From fighting fires to onboarding Millennials, times are changing. Embrace the changes.
Over the past 30 years, I’ve had the opportunity to visit fire services in more than 75 countries around the world. It’s always humbling to meet with our customers, and it’s an honor and privilege to be in an industry where we can assist those who give so selflessly.
American writer and humanist Kurt Vonnegut realized their contributions to society when he wrote, “I can think of no more stirring symbol of man’s humanity to man than a fire engine.”
A lot has changed over the years. Firefighting technology has seen significant advancements, including compressed air foam systems (CAFS), ultra-high pressure, water mist, touchscreen control panels, and on-board water purification.
The single biggest change that I’ve seen is the number of fires, at least in the USA. While your department may still have a name with “fire” in it, let’s face it fighting fires is not where you spend most of your time. This is largely due to better fire prevention, including more stringent electrical and construction codes, fire sprinkler systems, fewer smokers, and flame resistant products.
The number of fires around the world is a fraction of what it used to be when I joined our 100-year-old family business. It might come as a surprise to you, but in 2013, less than four percent of all fire service responses in the USA were actual fire calls. According to NFPA statistics, roughly 65 percent of calls were for medical aid or EMS related. I encourage you to download the complete report from the NFPA website at www.nfpa.org.
The amount of statistical information on USA fire services in this report is extraordinary, and it probably reflects conditions in your country. Last year, the New York City Fire Department (FDNY) was the busiest fire station in the USA, responding to over 1.4 million calls. However, less than two percent of those calls were for actual fires.
Don’t get me wrong: firefighting is still critical regardless of where you live. But you, and your equipment, should change with the times. While the fire apparatus, equipment, techniques and methodologies may vary from country to country, progressive fire departments around the world are becoming more practical in their approaches.
The hottest trend in the USA, for example, is toward multi-purpose vehicles. These vehicles still have a substantial pumping capability, but the pumps take up much less of the vehicle’s overall footprint. This frees up space to carry more equipment for all the other responses, in a more compact package that allows for better vehicle maneuverability. These vehicles meet the true needs of today’s fire service, rather than historical perceived needs.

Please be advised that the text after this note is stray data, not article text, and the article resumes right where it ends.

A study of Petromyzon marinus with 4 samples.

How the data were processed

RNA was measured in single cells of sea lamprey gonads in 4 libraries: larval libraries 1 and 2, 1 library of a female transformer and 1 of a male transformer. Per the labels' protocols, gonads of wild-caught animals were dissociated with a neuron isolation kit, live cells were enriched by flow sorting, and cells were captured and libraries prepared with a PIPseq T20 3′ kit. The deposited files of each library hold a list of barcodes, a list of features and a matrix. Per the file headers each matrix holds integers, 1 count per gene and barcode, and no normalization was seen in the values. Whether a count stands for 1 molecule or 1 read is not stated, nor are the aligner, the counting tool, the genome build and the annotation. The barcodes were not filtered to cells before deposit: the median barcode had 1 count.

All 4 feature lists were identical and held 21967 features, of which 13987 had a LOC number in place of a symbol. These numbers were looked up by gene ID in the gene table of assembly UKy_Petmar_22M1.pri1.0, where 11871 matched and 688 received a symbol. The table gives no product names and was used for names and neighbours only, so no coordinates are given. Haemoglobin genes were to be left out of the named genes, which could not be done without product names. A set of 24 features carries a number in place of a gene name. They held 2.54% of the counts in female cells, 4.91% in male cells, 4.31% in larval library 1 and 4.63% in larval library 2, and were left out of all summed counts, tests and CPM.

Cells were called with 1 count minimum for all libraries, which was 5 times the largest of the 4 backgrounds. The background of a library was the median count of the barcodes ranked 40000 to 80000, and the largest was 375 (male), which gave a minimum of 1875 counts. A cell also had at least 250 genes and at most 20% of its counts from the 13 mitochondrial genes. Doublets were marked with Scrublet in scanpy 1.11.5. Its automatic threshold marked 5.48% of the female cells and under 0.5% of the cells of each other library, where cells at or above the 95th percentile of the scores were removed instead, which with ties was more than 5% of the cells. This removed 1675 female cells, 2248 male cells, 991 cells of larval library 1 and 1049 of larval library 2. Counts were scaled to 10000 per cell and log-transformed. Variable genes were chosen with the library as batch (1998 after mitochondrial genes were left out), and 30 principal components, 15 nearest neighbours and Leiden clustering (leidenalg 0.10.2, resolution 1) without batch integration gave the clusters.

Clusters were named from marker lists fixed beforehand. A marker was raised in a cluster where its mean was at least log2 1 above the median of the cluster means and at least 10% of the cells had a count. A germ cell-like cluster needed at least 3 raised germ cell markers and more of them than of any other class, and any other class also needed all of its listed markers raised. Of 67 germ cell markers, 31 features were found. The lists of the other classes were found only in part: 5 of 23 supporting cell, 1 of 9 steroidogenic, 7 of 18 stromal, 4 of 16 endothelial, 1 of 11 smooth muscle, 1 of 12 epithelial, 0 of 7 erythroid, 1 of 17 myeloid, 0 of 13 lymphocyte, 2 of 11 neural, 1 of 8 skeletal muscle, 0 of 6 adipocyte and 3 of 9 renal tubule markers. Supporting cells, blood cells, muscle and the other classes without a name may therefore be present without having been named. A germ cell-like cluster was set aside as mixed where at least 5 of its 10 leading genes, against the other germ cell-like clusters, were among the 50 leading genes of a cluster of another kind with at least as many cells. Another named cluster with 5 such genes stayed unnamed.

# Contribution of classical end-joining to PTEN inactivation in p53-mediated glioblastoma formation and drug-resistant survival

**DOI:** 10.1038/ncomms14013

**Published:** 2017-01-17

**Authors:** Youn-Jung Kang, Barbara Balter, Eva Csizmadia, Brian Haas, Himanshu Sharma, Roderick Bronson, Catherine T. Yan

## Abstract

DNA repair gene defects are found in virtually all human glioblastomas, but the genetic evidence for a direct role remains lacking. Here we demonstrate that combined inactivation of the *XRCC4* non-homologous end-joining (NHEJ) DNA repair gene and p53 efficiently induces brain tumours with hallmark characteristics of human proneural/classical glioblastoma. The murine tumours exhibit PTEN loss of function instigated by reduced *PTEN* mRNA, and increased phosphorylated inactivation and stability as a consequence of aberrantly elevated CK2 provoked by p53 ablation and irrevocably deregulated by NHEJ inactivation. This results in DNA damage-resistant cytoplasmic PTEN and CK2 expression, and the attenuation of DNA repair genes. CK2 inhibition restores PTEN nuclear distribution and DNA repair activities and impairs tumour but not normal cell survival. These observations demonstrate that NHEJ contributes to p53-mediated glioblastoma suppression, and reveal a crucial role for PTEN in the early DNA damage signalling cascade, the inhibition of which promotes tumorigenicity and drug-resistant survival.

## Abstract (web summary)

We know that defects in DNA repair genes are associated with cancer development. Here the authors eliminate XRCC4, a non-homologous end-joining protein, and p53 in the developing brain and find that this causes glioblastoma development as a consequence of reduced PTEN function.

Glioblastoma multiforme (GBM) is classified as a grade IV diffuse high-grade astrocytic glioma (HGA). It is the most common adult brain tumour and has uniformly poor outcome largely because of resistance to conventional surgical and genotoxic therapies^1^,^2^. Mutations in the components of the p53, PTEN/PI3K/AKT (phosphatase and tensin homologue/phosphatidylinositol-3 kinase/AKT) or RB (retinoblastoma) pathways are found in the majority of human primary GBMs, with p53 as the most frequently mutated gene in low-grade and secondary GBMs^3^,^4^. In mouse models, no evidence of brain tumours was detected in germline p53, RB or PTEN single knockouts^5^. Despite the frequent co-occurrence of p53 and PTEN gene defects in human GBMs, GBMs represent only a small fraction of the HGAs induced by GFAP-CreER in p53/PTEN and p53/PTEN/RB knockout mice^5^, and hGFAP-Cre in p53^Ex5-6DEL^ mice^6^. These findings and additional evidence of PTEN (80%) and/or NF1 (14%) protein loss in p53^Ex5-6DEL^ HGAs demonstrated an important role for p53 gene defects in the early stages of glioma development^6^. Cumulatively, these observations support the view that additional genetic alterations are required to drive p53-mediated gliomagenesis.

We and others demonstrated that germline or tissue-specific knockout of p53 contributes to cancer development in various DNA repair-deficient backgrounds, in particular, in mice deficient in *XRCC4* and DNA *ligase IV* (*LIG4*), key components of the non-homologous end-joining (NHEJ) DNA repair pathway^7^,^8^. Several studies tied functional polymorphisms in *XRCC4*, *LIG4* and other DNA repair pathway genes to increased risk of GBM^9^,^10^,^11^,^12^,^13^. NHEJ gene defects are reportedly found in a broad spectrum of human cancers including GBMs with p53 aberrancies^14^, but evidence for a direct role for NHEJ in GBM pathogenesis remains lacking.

In China, on the other hand, major cities have embraced our most sophisticated products, such as CAFS. The Chinese are not hamstrung by traditional firefighting methods, like many in the USA. With the explosion of high-rise housing, China simply needs the best equipment to protect its cities and citizens.
Its fire service conducts research and then implements decisions quickly.
No matter where you live, two things haven’t changed: First, we’re still “putting the wet stuff on hot stuff,” albeit at a significantly slower rate than we were just 10 years ago. Second, men, and a growing number of women firefighters, still fight fires similar to how they were fought for centuries. There isn’t a magic pill. And while robots may have a place in the fire service, when it comes to fighting fires, they have not replaced humans, and probably never will.
That means for your department to grow and thrive, you’ll need to onboard and inculcate new members. Most likely, they’ll be “Millennials,” those who are roughly 18-35 years old. Never before has one generation been more analyzed and scrutinized then the Millennials.
I’m a data-driven manager, and while I don’t like to stereotype, you can’t ignore the statistics about Millennials. To attract these fine young leaders, an organization needs to explain its vision, be transparent, provide encouragement and feedback, and allow for upward mobility.
According to a 2014 survey by the National Volunteer Fire Council, recruitment and retention is one of the biggest challenges facing volunteer fire departments today. New members are the lifeblood of any organization. Properly attracting, onboarding and training them is critical to long-term success. Our military customers know this better than anyone.
A 2010 Pew Research Center study found that Millennials place a higher priority on helping people in need (21%) than having a high-paying career (15%).
If this is correct, then why are volunteer fire departments in the U.S. having recruitment challenges? I don’t have the answer, but perhaps part of it has to do with leadership’s inability to listen and then adapt to changing times. I find myself caught in this trap at times.
Whether you’re a career or volunteer department, it’s critical that today’s fire service leader be constantly listening to this new generation – and I mean really listening. This generation is tech savvy and filled with ideas on ways to improve your department’s level of service.
At Darley, most of our breakthrough ideas come from truly listening to our customers and employees. Whether volunteers, employees or customers, all stakeholders need to have a voice and be heard. The quickest way to turn off any group of constituents is to not listen. Action needs to be taken based on input. And if you can’t implement certain changes, your constituents need to know why.
At Darley, we’re going to continue to embrace and learn from Millennials while slowly adapting our culture.
I would encourage your organization to do the same.